Doubt, dismissal — those things spark anxiety — we begin disbelieving ourselves or worrying about the consequences of honesty rather than believing our own experiences.
At the start of last year, I was leading a group coaching class called Somatic Mindfulness. My pitch was to present an alternative approach to living with chronic illness — one where we listen to the feedback our bodies give us and where we practice taking a more active role in reaching the kind of body-life balance we want.
We talked a lot about anxiety. Like many of the participants in my class, my own experience with chronic illness was precipitated by severe panic attacks — unclear shouts of my body trying to alert me that something was wrong. Even after diagnosis, the anxiety persisted. After all, living with chronic illness requires awareness of an always shifting life economics of triggers, capacity, progression, and sheer chance.
My idea for the class grew from a new strategy for managing that kind of anxiety — accepting it. I started treating my anxiety like a warrior whose sole job was to protect me. Whenever there were threats on the horizon, whenever my internal dynamics were unexpectedly shifting — anxiety warned me. Our class explored that approach. What are our bodies saying to us? In what ways do they speak to us?
In retrospect, I wish I’d shifted the language we used. Another year into my own practice of this work and I can see that anxiety is the name we give to intuition’s shadow. The anxiety we were talking about is pathologized and traumatized intuition.
At some point in our lives, our wires got fused. We talked a lot in class about doctors and other medical professionals who disregarded symptoms and side effects, withheld information, and in general made us feel hysterical or psychotic simply for trying to manage life with a chronic condition. I think that kind of culture is part of what sparks anxiety — we begin disbelieving ourselves or worrying about the consequences of honesty rather than believing our own experiences. Anxiety responds with more forceful messaging until we have to take notice.
Once we recognize that pattern, my experience is that we can disrupt it. We can choose to let our intuition be heard. Depending on what your anxiety is like, this can be a terrifying idea. It was a mess at first for me too. I felt defensive — I realized later this was because I subconsciously understood anxiety as a protective force, even if it also felt like unstoppable episodes of sheer terror. I was defensive about any sort of rationalizing that might unhinge that protection and leave me more vulnerable (this is the same reason that applying logic is a roadblock to listening).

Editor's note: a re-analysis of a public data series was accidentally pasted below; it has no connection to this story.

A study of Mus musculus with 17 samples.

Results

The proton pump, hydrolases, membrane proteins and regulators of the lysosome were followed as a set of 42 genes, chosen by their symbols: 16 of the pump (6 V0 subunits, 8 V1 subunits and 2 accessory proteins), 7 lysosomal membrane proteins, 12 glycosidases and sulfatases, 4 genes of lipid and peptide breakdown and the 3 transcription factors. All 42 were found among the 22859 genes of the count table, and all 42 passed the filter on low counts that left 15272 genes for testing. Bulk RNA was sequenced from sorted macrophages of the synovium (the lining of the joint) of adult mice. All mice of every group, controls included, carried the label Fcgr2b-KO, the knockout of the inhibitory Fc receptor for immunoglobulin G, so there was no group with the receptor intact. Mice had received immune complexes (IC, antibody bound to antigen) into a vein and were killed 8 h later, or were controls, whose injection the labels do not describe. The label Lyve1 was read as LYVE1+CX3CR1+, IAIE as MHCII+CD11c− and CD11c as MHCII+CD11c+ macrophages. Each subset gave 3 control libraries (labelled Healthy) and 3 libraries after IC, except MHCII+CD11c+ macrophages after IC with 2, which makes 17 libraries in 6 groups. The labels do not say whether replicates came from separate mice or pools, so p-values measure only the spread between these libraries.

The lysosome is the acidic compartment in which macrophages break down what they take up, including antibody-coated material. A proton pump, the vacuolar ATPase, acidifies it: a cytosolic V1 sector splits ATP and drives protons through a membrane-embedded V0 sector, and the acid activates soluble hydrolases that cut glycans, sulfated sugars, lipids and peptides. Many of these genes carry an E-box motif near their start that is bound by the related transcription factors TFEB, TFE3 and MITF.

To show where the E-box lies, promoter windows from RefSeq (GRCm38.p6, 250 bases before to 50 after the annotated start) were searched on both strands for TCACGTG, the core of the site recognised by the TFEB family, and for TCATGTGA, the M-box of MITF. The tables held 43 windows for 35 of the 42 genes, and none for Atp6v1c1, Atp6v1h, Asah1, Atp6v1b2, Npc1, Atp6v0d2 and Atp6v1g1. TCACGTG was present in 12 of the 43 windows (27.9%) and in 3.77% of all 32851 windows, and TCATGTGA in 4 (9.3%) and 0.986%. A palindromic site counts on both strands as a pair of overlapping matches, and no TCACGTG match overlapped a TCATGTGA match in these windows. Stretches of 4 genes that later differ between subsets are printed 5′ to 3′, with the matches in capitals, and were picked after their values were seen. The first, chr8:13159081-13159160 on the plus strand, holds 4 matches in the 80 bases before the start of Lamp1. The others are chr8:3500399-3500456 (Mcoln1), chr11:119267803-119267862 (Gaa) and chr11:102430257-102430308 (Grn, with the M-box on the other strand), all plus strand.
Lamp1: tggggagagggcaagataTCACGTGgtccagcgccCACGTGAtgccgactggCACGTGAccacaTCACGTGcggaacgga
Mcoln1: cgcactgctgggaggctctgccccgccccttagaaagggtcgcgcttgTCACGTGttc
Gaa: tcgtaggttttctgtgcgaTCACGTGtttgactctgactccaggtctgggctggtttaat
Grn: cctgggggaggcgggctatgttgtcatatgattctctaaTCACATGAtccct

Acknowledging anxiety as a protector helped me open the door though. If my anxiety is here to help, then what is it trying to tell me? What danger does it detect and what information determined the situation to be dangerous?
More often than not, I have experienced my anxiety not as an irrational hysteria, but rather as a somewhat predictable, albeit warped translation of some past let-down into a present situation. Shifts in body chemistry that mimic the extremes that landed me in the hospital feel like a bulldozer of death burying me deep inside — warped, yes, but not irrational, rather, based instead in measurable dynamics of my body.
These days my anxiety is becoming intuition.
And there are so many little moments where I am proven right in listening to it, and I wish that I had started doing so earlier. I wish I had started trusting myself sooner. I don’t think intuition’s message is always to be small or to flee — but maybe we interpret it that way. I think sometimes it is actually trying to excite us because we know how to defeat the challenge before us. Because we’ve done it before. We have new tools now. We have our past successes to draw on for inspiration. We’re bigger, stronger, and more prepared than we were last time.
Of course, when I challenge you to let your intuition be heard as well, I’m not saying that it’s always accurate. I’m not saying that everything your anxiety tells you is true or helpful. I’m saying that sometimes it’s worth hearing these messages out, exploring where they come from and what they mean to tell us. Sometimes that little unconscious tug we call intuition is showing us a strength we haven’t discovered yet.
Sometimes anxiety is a protector, a strategist, a superpower we are still learning to use. What could we learn about ourselves if we sat still and silent enough to listen?